The Norwegian audio company Electrocompaniet, with which you are probably familiar, has been around for about 40 years, and has a special place in my personal HiFi history. As many of you know for many years I listened to what we now call the QUAD 57 Electrostatic Speakers. I tried amps from QUAD, Marantz, McIntosh, Dynaco, Bedeni, and Electrocompaniet. Without a doubt the original Electrocompaniet Class A, 25 watts, 2-channel amplifier was the best amp for the QUADs. This little wonder, designed by Dr. Matti Otala, could really make them sing while never arcing them. Electrocompaniet emphasizes that all its amplifiers are still based on the principles laid down in the works of Drs. Otala and Jan Lohstroh. For this reason, Electrocompaniet products have always had my greatest respect.
The PI 2D is the new addition to Electrocompaniet’s Prelude Line, which also includes the PI-1 50-watt amplifier, the PI-2 100-watt amplifier and the PBD-1 multi-player.
The PI 2D is the largest integrated amplifier in Electrocompaniet’s Prelude series, though admittedly a pricy integrated amplifier, albeit with a built-in DAC. The 24kHz/192-bit DAC has five digital inputs: two Coax, two Toslink and one USB. Connections for analogue sources include one balanced XLR input and four single ended RCA inputs. It was Electrocompaniet’s goal for this product to produce a sound cut from the same piece of cloth as their classic amplifiers. All the functions can be controlled by the remote control on the front panel, which has a clearly visible large display.
I mainly used the PI 2D in my upstairs digital/video system. I hooked up the Marantz BD7004 and the Direct TV Galaxy DVR to Coax 1 and 2. I came out of the Mac Mini into the USB input. The Electrocompaniet PI 2D drove a pair of Teresonic Magus A55 speakers. The setup was simple and easy. The front panel and remote worked well. One other thing I really like is that it is easy to get the desired volume because it moves in very small increments. I do wish there was a remote for just the PI 2D so that there wouldn’t be so many little buttons on the remote.
The PI 2D is slightly warmer than most transistor amps I have heard in this price range. I would not say it sounds tube-like in the way soft, overly warm sounding transistor amps are often described; I would never want a tube amp that sounds slow, soft, and overly warm. Instead, I would describe the sound of the PI D2 as detailed but listenable; dynamic but still relaxed; and most of all while it doesn’t sound “transistory,” it is quick with good micro-dynamics.
Digital music sounded very nice with this amp/DAC. Nicely alive, with good tone, and revealing of the colors of music. I found Wasserman’s album Duets sounded very true to itself. Not the same startling aliveness I have downstairs with the Wavac EC-300B amp and the Soundsmith SG-220 Strain Gauge cartridge system, yet, it was still true to the music. Likewise, Wasserman’s bass was not nearly as alive and real sounding as it does in the reference system, but it was still tonally very good, better than some tube and transistor amps that cost more.
When used for movies, I was blown away with its powerful, very articulate, and agile bass that still had pretty good decay for a transistor amp. The bass and mid-bass were powerful without obscuring or making male voices sound too warm, just nicely fleshed out. When listening to music I found the bass well controlled but not overly tight. This worked wonderfully well with the Teresonic and the Audience “The One” bookshelf speakers. If your speakers add their own warmth this may not result in the tightest of bass, but if you own such speakers deep bass is probably not the highest on your priority list in music reproduction anyway.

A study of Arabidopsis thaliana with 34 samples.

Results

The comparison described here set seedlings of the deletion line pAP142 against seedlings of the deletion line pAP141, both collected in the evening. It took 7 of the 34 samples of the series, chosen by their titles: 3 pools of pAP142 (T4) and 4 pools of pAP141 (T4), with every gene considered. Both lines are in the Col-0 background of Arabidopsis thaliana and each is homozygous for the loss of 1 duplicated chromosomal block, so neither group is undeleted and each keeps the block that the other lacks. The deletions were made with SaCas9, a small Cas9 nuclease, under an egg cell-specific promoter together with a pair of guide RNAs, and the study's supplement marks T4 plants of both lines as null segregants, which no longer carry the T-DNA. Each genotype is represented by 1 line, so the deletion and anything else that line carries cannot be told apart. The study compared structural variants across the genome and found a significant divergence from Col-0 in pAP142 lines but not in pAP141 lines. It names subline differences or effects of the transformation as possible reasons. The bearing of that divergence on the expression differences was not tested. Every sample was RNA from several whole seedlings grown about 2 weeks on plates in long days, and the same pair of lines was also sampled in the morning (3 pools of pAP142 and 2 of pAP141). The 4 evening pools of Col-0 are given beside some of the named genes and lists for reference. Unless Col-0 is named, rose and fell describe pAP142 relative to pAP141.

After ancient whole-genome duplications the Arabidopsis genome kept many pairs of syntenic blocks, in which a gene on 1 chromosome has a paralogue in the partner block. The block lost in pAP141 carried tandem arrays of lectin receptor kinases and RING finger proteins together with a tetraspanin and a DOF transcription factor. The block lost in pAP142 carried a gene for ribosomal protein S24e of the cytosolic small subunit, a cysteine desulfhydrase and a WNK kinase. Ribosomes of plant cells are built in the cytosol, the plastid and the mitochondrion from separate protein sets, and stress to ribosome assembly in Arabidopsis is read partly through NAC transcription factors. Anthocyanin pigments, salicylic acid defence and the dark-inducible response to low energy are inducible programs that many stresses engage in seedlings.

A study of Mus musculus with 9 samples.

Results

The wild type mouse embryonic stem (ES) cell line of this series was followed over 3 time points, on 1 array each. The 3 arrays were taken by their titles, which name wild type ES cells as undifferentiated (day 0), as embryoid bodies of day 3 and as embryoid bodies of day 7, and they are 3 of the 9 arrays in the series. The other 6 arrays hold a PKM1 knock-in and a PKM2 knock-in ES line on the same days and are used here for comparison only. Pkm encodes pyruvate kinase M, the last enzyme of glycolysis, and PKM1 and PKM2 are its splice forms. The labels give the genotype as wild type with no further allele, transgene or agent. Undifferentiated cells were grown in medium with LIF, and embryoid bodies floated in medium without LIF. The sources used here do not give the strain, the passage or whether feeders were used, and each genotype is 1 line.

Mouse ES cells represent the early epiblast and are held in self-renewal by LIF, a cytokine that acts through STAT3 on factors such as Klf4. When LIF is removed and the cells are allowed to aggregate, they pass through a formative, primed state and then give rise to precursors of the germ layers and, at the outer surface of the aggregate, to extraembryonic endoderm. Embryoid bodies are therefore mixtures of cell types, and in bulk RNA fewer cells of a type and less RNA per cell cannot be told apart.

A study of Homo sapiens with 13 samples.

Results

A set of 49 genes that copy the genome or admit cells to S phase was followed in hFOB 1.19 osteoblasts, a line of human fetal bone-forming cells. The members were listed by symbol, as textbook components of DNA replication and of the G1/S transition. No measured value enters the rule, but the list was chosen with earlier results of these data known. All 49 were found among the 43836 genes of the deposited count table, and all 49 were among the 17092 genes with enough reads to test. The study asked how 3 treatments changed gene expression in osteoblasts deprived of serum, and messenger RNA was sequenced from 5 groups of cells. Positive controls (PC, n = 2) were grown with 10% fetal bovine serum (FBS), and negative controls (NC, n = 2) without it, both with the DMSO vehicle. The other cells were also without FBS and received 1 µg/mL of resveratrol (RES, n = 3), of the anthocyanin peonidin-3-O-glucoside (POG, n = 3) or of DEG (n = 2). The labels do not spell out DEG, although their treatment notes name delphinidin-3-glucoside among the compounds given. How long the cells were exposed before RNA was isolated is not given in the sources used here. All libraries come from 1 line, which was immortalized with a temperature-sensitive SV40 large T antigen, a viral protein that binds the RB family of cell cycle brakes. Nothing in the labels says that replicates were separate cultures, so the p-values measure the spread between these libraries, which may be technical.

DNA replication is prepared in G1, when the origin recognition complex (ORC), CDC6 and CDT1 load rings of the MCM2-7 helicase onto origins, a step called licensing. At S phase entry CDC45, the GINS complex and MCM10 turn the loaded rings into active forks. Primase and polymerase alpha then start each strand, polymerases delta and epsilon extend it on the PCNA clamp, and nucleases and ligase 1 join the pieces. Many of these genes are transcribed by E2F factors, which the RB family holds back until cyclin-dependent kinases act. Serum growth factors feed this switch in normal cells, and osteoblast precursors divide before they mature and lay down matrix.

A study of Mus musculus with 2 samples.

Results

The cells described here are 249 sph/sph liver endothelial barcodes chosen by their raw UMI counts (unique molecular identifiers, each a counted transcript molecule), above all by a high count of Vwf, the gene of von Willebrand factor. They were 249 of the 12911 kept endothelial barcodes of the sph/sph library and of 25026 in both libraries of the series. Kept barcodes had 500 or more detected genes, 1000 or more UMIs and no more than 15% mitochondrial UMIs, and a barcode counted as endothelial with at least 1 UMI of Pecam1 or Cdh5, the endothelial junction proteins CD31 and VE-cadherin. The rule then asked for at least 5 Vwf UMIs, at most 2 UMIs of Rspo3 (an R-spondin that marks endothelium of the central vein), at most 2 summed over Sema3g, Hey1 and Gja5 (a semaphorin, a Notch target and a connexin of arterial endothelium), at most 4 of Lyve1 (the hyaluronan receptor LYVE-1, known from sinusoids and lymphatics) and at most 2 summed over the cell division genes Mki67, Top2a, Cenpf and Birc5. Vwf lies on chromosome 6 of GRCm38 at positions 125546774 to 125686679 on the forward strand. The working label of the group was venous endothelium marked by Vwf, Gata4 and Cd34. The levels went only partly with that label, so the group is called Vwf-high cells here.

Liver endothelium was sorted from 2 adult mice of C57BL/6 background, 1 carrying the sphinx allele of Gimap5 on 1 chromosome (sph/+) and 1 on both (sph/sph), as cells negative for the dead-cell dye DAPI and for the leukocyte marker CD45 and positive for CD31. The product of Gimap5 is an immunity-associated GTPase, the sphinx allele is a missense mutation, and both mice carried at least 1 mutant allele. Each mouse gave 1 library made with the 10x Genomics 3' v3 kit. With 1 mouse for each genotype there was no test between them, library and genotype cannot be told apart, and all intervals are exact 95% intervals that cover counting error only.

The PI D2’s midrange and top end were well integrated with no emphasis of the upper octaves. Details were easy to hear but never sounded etched or strained. The amp and DAC produced very good detail without sounding analytical, etched, or strained. Voices sounded beautiful, nicely fleshed out and with good space. Truth is, this amp/DAC handled space as well as an any digital/solid state combo I have had at the house.
In fact, soundstaging was an area where the PI D2 excelled. Neither the width nor the depth of the soundstage was anything less than realistic. It played music with realistic scale and size. Imaging and focus were good with exceptional air and space for a transistor/digital system.
The amp had good punch and great pace. Macro-dynamics were good and micro-dynamics were so quick and yet so natural.
Let’s start by comparing it to the 47 Labs Model 4733 Midnight Blue Amplifier-Preamplifier-USB DAC. This flea-powered integrated could easily drive my Teresonic Magus speakers, but for this comparison I used it with their Midnight Blue 4734 Power Amp; review forthcoming. This combo sells for $4,500 which makes it a very fair comparison. Both the 47 Labs combo and the Electrocompaniet PI 2D were really musical, emotionally involving. The 47 Labs combo put more emphasis on clarity, transparency, and detail than the Electrocompaniet, whereas the PI 2D was more robust and full-bodied, and also sounded more powerful and bigger. I also found the DACs in the Electrocompaniet to sound less digital than the 47 Labs combo.
I’ll conclude with a confession, I’ve been a little slow getting this review written because I just didn’t want to give this thing back. No, the Electrocompaniet PI 2D was not the best amp I’ve heard and I wouldn’t choose it for my reference system. By the same token, it’s not the absolute best DAC I have heard, although it’s really good. The PI 2D was simply a wonderful integrated amp, a wonderful DAC and the best USB DAC I have heard. Having two sources going into its main DAC and the computer with all the music and movies going into the USB, the Electrocompaniet was perfect for my digital/video system.